Set Goals, Solve Problems: Cognitive Behavioral Therapy

Therapy is not a one-size-fits-all activity. Different people grappling with different issues are often best served by different approaches to therapy. That said, one common approach is known as cognitive behavioral therapy (CBT). This type of therapy can be quite useful in the treatment of a mental health disorder, a substance use disorder, or both. 

Let’s take a closer look at cognitive behavioral therapy.

Connecting Thoughts, Feelings, and Actions

At the heart of CBT is the idea that our thoughts, feelings, and actions are intertwined, and it is important to understand the nature of the relationship between the three. Armed with that understanding, a person is better able to identify positive approaches and solutions to issues they are currently facing. All too often, our thoughts, emotions, and behaviors are all tangled up in ways that are difficult to fully understand. Cognitive behavioral therapy is designed to provide the tools and the opportunity to find those important connections among the three.

Focused on Pressing Problems

CBT is firmly focused on problems a person is facing at the time of treatment. The therapy is structured and goal-oriented—and generally limited to 12 to 16 sessions. To make headway on pressing problems, CBT is built around two concepts: functional analysis and skills training.

Functional analysis is the process of figuring out the cause (or causes) of the challenge (or challenges) you are currently grappling with. It is surprising how often a person does not have a clear understanding of what is the true cause of a problem they are facing—or at least an unwillingness to acknowledge that cause. CBT provides a space to identify and name the foundational issue that needs to be addressed.

Once the problem has been named, the therapy shifts to skills training, which is centered on identifying and developing healthy approaches for solving the problem (or problems) under consideration. So, for example, if you find that a given situation consistently causes you feelings of anxiety, you would work toward ways to better manage the anxiety or change the situation in ways that might lessen those anxious feelings for you.

DBT Can Enhance CBT

For some people, dialectical behavior therapy (DBT), which is a variation of cognitive behavioral therapy—can provide additional benefits. DBT introduces concepts including mindfulness, acceptance, and distress tolerance to the functional analysis and skills training at the heart of CBT.

Mindfulness practice helps an individual learn to stay in the present moment rather than ruminating about the past or worrying about the future. Developing this skill can help a person respond in healthier ways when faced with a problem or challenge.

Acceptance (sometimes called “radical acceptance”) refers to the need to accept the facts about the past and present—even when those facts may be unpleasant. Accepting reality is decidedly not the same as approving of or liking reality as it is. It just means acknowledging reality so that you can address it in useful ways.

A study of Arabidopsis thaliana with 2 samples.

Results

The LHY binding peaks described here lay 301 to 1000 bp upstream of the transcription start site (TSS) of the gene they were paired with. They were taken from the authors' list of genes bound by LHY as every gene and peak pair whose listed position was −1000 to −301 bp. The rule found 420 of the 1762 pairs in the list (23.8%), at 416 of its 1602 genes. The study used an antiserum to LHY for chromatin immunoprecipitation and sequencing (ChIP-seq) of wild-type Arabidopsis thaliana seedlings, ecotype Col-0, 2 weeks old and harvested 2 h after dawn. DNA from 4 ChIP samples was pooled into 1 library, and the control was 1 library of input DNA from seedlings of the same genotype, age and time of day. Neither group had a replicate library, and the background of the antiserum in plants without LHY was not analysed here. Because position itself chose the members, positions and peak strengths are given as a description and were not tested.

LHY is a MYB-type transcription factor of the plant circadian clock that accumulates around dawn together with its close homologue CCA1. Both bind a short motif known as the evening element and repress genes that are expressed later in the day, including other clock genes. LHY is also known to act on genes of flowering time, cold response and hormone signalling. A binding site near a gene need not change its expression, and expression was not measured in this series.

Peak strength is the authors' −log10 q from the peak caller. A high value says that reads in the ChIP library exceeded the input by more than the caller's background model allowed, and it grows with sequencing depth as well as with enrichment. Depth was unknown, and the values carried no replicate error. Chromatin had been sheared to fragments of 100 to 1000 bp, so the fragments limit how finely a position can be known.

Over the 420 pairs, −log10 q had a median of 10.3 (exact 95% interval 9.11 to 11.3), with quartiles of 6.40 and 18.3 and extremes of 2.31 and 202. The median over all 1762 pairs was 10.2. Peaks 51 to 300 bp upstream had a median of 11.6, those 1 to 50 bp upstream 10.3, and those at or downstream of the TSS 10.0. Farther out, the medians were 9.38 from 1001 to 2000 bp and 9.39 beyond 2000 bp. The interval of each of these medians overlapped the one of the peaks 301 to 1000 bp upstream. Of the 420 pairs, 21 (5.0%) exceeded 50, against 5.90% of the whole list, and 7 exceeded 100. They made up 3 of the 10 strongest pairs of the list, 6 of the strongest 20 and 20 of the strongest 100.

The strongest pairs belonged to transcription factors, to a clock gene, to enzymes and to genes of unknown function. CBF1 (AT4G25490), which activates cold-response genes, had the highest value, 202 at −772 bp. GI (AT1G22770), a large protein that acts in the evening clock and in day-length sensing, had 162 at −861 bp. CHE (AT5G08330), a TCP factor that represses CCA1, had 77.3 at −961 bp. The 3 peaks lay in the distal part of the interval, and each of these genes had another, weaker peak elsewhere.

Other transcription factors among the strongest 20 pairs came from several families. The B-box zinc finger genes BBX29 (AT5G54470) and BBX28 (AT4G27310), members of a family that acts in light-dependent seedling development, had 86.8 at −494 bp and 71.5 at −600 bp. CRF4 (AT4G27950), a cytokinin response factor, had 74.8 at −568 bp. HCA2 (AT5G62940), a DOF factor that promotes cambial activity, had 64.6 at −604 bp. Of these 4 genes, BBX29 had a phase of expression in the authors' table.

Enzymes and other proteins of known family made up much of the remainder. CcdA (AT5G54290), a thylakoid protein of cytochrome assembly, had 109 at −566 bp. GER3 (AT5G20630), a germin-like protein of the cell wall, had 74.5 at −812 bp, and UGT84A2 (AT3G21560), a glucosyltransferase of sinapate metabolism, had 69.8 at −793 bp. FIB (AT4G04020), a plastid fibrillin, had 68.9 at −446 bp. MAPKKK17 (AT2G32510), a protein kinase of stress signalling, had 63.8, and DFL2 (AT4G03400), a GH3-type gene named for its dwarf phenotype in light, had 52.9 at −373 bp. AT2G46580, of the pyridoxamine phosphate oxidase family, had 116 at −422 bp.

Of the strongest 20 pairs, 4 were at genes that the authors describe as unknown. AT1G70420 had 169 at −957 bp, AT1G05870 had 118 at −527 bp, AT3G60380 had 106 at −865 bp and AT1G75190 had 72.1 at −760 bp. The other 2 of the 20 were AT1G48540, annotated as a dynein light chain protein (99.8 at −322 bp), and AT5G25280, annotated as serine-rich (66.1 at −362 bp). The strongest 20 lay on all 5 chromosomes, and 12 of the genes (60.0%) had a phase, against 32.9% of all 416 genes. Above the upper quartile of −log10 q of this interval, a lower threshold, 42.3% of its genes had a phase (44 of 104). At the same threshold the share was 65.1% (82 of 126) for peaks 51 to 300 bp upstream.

The notion of distress tolerance is a way to think about how you manage actual or perceived distress in your life. Building up your distress tolerance by identifying strategies and techniques that can help you move effectively through a difficult situation is an important part of DBT.

CBT is Just One Therapeutic Approach Among Many

We opened this blog entry by pointing out something important: “Therapy is not a one-size-fits-all activity.” It is an important idea—so important, in fact, that we have previously published a blog entry that uses those words as its title.

In that entry, in addition to cognitive behavioral therapy, we also examine recreational therapy, family systems therapy, and animal therapy. 

We also take a look at both individual and group therapy in this entry. Both approaches can have real benefits for your mental health as well as for firming up the foundations of sobriety for a person in recovery from a substance use disorder.

At Peak View Behavioral Health, Our Focus is You

One of the reasons we highlight the fact that there are a number of different approaches to therapy is that we want to emphasize our personalized approach for providing treatment for mental health disorders, substance use disorders, or a combination of the two. When it comes to therapy, there are no cookie-cutter solutions, so we are committed to listening intently to your specific needs and designing a treatment plan that is unique to you.

All of our work is grounded in evidence-based practices, and our care is built on a foundation of expertise, experience, and empathy. Each person who seeks care at Peak View Behavioral Health—located in Colorado Springs, Colorado—is treated by a highly trained team of psychiatrists, psychologists, medical doctors, nursing staff members, therapists, and behavioral health associates.